In this blog post, we'll take a look at how we created an application in Azure where both users and AI can predict the outcome of games of the UEFA Euro 2020 football championship. Is man or machine better in predicting the outcome of football games?

The Premise

At Codit we are always looking for fun, challenging and interesting internal projects we can use to train our colleagues in new technologies. With the UEFA Euro 2020 football tournament coming up, the idea was born to replace the age-old tradition of using Microsoft Excel to register and track people’s predictions for the games with an application in Azure. With this, everyone within our company can join in predicting the outcome of games. Game results are automatically processed.

Next to having colleagues competing with each other, we will also develop AI models based on both historical and current data to predict the outcome of games. It will be very interesting to see if man or machine is better in predicting the outcomes!

The High Level Architecture

To create all this functionality, we need the following components:

  • A front-end website where users can see the schedule and result of games, add their predictions and see a leaderboard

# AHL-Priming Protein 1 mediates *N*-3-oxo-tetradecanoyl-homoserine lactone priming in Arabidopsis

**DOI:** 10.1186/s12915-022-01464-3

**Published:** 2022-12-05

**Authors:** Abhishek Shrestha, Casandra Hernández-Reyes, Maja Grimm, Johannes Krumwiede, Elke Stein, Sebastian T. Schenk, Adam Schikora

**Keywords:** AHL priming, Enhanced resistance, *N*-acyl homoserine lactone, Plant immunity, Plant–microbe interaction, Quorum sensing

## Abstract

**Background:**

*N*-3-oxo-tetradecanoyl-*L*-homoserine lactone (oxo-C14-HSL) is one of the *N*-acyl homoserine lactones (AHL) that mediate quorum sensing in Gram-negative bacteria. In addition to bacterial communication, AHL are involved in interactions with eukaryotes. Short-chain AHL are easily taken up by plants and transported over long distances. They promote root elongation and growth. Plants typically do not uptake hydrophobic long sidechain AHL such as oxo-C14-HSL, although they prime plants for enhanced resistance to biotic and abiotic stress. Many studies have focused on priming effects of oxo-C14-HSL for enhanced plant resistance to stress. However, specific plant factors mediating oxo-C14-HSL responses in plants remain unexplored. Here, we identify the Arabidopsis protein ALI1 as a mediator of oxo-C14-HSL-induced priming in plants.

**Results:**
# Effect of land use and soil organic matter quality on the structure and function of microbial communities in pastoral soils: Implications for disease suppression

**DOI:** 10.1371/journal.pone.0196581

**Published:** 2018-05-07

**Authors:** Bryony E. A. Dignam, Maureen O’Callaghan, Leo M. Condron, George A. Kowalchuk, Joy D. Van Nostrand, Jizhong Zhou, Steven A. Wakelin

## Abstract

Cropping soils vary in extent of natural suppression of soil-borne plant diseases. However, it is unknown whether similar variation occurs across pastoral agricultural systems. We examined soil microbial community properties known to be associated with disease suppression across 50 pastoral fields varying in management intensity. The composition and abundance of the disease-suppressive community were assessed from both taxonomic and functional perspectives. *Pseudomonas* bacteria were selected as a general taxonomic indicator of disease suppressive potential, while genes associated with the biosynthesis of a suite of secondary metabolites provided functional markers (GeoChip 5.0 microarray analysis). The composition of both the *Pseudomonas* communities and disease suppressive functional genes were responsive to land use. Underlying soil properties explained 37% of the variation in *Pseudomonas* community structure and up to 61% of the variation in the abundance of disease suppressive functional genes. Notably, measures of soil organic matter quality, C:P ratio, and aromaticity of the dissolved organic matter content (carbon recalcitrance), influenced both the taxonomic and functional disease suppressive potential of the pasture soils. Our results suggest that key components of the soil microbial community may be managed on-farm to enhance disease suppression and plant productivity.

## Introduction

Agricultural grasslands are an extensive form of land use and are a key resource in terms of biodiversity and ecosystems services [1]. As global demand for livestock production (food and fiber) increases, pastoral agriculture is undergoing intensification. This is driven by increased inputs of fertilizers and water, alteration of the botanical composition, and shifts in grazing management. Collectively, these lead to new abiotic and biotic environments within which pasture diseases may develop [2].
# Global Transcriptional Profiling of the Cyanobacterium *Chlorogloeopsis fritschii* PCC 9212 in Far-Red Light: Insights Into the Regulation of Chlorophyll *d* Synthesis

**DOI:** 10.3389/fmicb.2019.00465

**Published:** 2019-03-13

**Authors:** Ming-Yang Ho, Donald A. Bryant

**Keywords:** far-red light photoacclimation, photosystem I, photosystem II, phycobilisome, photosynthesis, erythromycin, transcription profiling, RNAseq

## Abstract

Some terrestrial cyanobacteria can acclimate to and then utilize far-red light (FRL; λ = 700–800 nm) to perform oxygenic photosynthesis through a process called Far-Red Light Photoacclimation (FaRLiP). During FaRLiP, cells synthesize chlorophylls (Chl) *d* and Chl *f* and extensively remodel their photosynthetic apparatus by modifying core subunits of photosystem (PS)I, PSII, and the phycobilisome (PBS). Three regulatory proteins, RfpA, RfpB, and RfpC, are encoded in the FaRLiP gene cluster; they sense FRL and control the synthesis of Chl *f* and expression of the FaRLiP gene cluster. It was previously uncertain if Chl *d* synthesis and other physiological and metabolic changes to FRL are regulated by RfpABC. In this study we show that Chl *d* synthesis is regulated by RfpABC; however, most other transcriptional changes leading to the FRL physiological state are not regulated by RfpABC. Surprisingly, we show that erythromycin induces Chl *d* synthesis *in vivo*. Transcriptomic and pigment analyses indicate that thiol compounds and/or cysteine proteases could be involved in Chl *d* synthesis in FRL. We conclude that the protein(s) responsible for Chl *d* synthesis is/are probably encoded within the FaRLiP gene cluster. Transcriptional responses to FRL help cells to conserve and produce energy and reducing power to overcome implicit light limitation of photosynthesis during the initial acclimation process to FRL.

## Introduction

• APIs to deliver the necessary business functionality to the front-end and separate front-end from the back-end
  • A back-end database where we store information about teams, games, users, predictions and points scored
  • AI models which will predict outcomes of games

This resulted in the following high-level architecture:

As shown in the diagram above, we will use HTTP triggered Azure Functions to host our APIs and Time Triggered Azure Functions to periodically retrieve the game schedule, game results and calculate the points each user has earned.

The HTTP Triggered Azure Functions will be available through Azure API Management where we will also implement OAuth and caching of GET requests. The front-end and AI implementation will use the APIM layer to call the APIs.

Finally, we will use Arcus Observability ( to push all our logging to Application Insights.

Man versus Machine

Since we as Codit are a data driven company, we want to see if we can use data to perform better than the average human player. Or even better: beating the experts! For this we are using two approaches; each approach is taken up by a small subteam:

  1. Using only historical data of previous matches (team history)
  2. Using all kind of performance parameters of the players (team quality)

For both approaches, we start with a simple classification model that just predicts win, lose or draw. Later we will look at predicting the number of goals. We are using the Azure ML environment for all the models.

Once the models are there, we create an Azure function to act as an artificial player. It will call the model for each game and send the outcome back the APIs.


In the coming weeks we will be posting more blog posts about the technical details of the application, the AI models and how the AI predictions stack up against the predictions of our Codit colleagues!